National Savings can certainly claim to have re-evaluated the role and approach to tactical financial ads in mainstream press titles.
The financial arena is cluttered with rate graffiti, where the overriding message is price, price and price. National Savings has taken a leaf from the book of other more consumer-oriented financial organisations and has presented the information in a simple format.
The concept of putting highlights in the main pages of the newspapers and application forms in the personal finance section is, I believe, something of a cop out rather than the much referred to strategic leap from HHCL & Partners and media buyer Michaelides & Bednash.
It is a classic dilemma. Running as the first financial ad, or the first ad with a dominant creative theme, in the paper’s main section will attract a much higher response than only running in the specialist sections. But there are consumers who only read the personal finance sections and are willing to scan endless yards of copy to find the best rate.
You could counter that these tricky customers are dealt with in part two of the strategy. The detail and call to action using forms in the personal finance section must appeal to those who scour the pages for value, but they appear alongside competitive ads and potentially critical editorial coverage.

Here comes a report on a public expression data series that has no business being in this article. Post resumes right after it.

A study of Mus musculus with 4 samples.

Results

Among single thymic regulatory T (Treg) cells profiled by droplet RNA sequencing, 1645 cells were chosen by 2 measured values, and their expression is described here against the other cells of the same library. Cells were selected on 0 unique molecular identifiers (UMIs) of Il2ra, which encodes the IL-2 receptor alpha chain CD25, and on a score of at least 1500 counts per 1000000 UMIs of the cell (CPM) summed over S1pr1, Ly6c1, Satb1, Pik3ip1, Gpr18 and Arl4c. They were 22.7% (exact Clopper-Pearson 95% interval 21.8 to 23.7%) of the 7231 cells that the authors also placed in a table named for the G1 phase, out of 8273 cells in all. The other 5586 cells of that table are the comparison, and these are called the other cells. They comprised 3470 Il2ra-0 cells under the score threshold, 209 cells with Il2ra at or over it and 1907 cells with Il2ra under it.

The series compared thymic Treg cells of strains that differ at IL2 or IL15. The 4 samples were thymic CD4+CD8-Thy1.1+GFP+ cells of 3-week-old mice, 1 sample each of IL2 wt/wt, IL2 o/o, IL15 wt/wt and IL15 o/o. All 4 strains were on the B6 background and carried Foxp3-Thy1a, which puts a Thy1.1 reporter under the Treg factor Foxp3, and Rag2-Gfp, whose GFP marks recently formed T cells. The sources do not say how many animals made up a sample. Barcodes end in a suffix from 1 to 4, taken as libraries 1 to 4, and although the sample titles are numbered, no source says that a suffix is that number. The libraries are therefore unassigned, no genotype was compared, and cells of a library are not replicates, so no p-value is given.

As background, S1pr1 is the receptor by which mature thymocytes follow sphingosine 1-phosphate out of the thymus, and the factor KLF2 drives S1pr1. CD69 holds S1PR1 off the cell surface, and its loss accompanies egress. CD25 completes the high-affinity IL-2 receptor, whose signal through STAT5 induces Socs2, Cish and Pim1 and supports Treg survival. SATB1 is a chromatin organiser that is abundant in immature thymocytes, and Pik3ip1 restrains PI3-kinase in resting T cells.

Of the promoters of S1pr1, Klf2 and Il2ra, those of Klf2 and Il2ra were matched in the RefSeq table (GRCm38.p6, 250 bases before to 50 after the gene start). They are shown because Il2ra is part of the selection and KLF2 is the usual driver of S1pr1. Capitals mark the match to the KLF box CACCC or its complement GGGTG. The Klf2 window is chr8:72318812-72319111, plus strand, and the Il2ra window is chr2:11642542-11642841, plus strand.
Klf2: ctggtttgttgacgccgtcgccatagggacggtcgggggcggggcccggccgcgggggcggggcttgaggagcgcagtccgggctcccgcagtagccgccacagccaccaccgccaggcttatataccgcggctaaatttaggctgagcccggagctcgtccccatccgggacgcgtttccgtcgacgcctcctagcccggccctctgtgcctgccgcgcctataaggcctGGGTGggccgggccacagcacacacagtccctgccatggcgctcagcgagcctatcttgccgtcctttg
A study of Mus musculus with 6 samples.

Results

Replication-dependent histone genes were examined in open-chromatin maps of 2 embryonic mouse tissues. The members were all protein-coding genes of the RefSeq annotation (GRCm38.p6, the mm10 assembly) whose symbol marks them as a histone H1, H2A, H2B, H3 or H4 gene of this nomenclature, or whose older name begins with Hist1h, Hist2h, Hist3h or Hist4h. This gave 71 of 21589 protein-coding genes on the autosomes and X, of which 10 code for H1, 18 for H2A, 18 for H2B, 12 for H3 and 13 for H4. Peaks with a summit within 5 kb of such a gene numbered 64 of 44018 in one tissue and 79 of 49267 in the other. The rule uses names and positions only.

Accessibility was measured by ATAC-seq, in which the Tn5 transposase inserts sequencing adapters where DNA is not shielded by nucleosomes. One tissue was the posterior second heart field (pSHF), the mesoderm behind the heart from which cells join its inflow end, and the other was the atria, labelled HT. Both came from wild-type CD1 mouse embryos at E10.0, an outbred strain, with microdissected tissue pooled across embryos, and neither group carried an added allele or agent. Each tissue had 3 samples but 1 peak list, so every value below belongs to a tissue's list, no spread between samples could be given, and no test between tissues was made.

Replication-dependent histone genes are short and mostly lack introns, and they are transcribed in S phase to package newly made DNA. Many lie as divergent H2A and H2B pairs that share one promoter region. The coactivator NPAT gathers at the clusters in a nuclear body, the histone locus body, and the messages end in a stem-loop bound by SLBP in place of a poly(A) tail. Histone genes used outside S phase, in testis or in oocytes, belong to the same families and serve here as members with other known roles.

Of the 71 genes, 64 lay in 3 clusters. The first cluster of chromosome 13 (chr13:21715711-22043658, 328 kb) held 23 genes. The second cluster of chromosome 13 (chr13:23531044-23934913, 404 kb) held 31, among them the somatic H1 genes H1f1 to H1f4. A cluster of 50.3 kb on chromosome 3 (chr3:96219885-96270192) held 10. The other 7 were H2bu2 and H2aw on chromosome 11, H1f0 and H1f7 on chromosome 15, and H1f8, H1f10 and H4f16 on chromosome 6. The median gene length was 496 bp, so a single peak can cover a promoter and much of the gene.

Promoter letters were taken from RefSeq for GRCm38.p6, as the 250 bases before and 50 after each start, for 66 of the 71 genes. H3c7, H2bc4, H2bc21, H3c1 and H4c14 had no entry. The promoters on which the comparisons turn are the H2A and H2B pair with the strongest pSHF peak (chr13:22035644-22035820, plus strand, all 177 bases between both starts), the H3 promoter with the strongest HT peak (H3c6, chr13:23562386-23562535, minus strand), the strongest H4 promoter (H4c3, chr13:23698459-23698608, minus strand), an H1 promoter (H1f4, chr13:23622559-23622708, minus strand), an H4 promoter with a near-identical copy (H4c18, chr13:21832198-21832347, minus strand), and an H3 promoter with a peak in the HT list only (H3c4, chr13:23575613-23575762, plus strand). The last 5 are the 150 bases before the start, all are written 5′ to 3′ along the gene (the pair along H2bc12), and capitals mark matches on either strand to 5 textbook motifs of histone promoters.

National Savings claims great success for its campaign and I would not want to take the shine off that. But a few points are worth mentioning. The organisation is the consumer cash-raising element of the Treasury, a direct contributor to the Public Sector Borrowing Requirement. Clearly there is an imperative to operate efficiently. However, this is certainly more easily achieved when you are representing the side which makes the rules. National Savings has no reason not to be successful as it can benefit from highly competitive rates and tax advantages set by the Government which, frankly, are not available to those of us operating in the free market.
National Savings spent some 7.7m (Register-MEAL) advertising its competitiveness, which is clearly a significant amount. Given the particular status it enjoys, one might wonder if this gave it a sufficient return.
Abbey National has a considerably larger press budget but this is spent on competing in significantly more markets – mortgages, life assurance, banking, credit card, personal loans, general insurance, pensions, together with savings and investments – and as a result has to make its spend go even further without the benefits of the Treasury.
National Savings has certainly brought its press campaign into the Nineties and has much to be commended for in terms of clarity and consumer propositions. What is less convincing is the value for money it is generating on behalf of the Treasury, particularly in the context of its competitive environment.